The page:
On the first day of May, the City Council and Mayor Bill de Blasio announced the first round of streets to be closed to most vehicular traffic as part of a new-and-improved Open Streets social distancing initiative.
Most of the seven miles of city streets are located within or near public parks where activity has increased over the first few weeks of spring.
The aim of the initiative, which the City Council and de Blasio agreed upon earlier this week, provides additional space for parkgoers to walk, run, bike or exercise at a safe distance from each other during the coronavirus pandemic.
The roads will not be closed 24 hours a day. According to City Council Speaker Corey Johnson, the streets will only be shut for 12 hours each day, from 8 a.m. to 8 p.m., starting Monday, May 4. However, in a tweet Friday night, de Blasio announced the road closures will take effect starting tomorrow, Saturday, May 2.
During the Open Streets hours, through traffic will not be permitted, but local deliveries, pickups/drop-offs, city service vehicles and emergency vehicles may be granted access. Any driver on these roads may only proceed at 5 mph.
The streets will be blocked off barricades and signs placed by the Police and Fire Departments, according to city Transportation Commissioner Polly Trottenberg. The DOT and other city agencies will assist the NYPD and FDNY in barricade placement.
“The Council is glad our efforts on this initiative have brought us this far, and wear eager to work with our colleagues in government, community groups and our neighbors to keep expanding this program in a safe, effective and enjoyable way,” Johnson said in a May 1 statement. “While we continue our fight against this awful virus, we need to give people the space they need to maintain proper social distancing, and I’m glad we’re making progress towards that goal.”
In March, the city launched a pilot Open Streets program, closing down a handful of roadways across the city for public use. The program came after Governor Andrew Cuomo chastised New Yorkers for continuing to congregate en masse in public parks as the coronavirus pandemic began to surge.
But just two weeks after implementing Open Streets, the Mayor’s office quickly shut it down, claiming that not enough people were using the open roads to justify the police presence required to keep them safe. Street safety advocates protested, and the City Council announced the introduction of legislation establishing an Open Streets program that would close up to 75 miles of streets.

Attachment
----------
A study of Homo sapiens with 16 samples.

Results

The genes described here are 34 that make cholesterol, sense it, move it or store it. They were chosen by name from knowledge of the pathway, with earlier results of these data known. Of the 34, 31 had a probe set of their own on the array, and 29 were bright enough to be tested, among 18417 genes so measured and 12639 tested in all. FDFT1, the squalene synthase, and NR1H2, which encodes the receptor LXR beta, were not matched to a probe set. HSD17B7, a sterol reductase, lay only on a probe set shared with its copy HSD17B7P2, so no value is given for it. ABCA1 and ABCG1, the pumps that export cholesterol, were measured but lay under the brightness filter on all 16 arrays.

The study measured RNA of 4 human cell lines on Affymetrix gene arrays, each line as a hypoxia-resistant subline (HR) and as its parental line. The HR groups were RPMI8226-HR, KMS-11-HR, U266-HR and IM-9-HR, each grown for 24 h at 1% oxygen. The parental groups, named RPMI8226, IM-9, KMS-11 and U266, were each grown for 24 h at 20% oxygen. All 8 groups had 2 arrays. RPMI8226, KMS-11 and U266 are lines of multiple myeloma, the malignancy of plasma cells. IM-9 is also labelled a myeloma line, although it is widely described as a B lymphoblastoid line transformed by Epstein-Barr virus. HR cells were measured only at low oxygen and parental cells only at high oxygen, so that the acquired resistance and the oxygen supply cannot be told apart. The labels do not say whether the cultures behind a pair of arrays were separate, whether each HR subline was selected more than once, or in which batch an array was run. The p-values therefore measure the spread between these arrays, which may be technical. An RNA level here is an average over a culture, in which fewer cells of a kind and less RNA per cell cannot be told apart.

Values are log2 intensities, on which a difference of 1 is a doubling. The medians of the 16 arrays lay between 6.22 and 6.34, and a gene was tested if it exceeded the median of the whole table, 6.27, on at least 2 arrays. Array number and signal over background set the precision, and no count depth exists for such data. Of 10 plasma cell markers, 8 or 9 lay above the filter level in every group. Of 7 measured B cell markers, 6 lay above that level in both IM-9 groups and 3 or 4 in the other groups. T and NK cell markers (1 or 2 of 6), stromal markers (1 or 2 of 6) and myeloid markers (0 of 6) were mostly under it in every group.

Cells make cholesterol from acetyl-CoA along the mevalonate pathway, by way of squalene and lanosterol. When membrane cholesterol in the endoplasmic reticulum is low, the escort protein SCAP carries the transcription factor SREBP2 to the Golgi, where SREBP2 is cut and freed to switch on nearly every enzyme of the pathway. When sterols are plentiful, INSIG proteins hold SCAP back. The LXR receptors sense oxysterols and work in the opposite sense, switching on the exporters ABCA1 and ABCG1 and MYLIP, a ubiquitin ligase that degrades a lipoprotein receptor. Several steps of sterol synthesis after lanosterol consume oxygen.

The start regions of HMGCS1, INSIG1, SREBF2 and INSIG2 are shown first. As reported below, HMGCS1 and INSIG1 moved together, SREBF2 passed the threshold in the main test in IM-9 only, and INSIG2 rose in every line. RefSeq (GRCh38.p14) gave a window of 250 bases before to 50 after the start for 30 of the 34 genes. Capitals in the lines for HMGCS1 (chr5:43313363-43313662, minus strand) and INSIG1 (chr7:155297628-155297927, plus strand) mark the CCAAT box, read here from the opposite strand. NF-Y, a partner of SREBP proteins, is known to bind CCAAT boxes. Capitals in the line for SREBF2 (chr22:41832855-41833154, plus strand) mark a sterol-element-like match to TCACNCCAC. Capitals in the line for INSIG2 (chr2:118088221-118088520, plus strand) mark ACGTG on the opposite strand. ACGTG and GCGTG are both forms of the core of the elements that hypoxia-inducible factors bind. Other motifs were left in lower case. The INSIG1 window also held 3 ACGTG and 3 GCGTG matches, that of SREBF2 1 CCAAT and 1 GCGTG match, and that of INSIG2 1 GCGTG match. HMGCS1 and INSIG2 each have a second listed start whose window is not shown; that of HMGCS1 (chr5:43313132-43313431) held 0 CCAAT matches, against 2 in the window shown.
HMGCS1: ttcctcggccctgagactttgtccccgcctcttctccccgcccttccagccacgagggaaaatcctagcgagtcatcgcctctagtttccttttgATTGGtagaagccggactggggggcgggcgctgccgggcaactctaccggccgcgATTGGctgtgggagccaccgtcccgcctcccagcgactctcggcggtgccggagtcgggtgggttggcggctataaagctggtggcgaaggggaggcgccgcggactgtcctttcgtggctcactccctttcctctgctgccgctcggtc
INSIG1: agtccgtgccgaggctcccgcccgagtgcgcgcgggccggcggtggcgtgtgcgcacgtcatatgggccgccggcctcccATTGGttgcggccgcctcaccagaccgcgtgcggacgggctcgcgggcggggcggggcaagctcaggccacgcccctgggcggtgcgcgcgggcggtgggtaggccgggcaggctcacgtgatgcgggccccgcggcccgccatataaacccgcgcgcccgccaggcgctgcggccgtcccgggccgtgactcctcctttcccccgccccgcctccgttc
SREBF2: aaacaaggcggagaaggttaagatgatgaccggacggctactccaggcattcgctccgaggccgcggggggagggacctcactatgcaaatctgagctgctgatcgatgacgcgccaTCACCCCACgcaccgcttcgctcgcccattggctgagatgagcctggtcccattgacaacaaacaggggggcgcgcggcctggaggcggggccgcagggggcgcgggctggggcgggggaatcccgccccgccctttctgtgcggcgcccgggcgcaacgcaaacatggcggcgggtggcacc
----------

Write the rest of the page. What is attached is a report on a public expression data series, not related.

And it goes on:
Earlier this week, the Council and de Blasio announced an agreement to create between 40 and 100 miles of Open Streets in the five boroughs.
For his part, de Blasio on Friday said he was proud of his team “for jumping into action with this first group of open streets” under the new plan.
“Our parks have played a critical role in maintaining public health during this crisis,” de Blasio said. “But we cannot afford to have a high demand for open space [while creating] unhealthy situations. That’s why we’re opening streets and offering more options for New Yorkers to get outside safely.”
The roads in the first phase of the Open Streets plan are as follows:
- Margaret Corbin Drive between Fort Washington Avenue and Cabrini Boulevard in Fort Tryon Park, Manhattan.
- Freedom Drive between Park Lane South and Myrtle Avenue in Forest Park, Queens.
- Forest Park Drive between the Forest Park Golf Course parking lot and the Forest Park Bandshell parking lot in Queens.
- Forest Park Drive between Metropolitan Avenue and the Overlook parking lot in Forest Park, Queens.
- Silver Lake Park Road between Forest Avenue and Victory Boulevard in Silver Lake Park, Staten Island.
- Sackman Place between Truxton Street and Fulton Street in Callahan-Kelly Park, Brooklyn.
- Meadow Lake Drive between the Model Airplane Field and the Meadow Lake Bridge parking lot in Flushing Meadows Corona Park, Queens.
- Grant Avenue between 169th and 170th Streets in Grant Park, Bronx.
- Reservoir Oval East/West near Bainbridge Avenue, adjacent to Williamsbridge Oval, Bronx.
- Court Square West between Jackson Avenue and the dead end, near Court Square in Long Island City, Queens.
- East End Avenue between East 83rd and East 89th Streets, adjacent to Carl Schurz Park in Manhattan.
- Dyckman Street between Broadway and Seaman Avenue, adjacent to Lt. William Tighe Triangle in Manhattan.
- Prospect Park West between 3rd Street and Garfield Place, adjacent to Prospect Park in Brooklyn.
- Parkside Avenue between Park Circle and Ocean Avenue, adjacent to Prospect Park in Brooklyn.
- Front Street between Canal and Edgewater Streets, adjacent to Stapleton Waterfront Park on Staten Island.
- Laurel Hill Terrace near Amsterdam Avenue, adjacent to Highbridge Park in Manhattan.
The City Council also invites local organizations or community boards that wish to suggest a potential Open Street in their area to submit them by emailing email@example.com, or by filling out a survey online.
With additional reporting by Alejandra O’Connell-Domenech.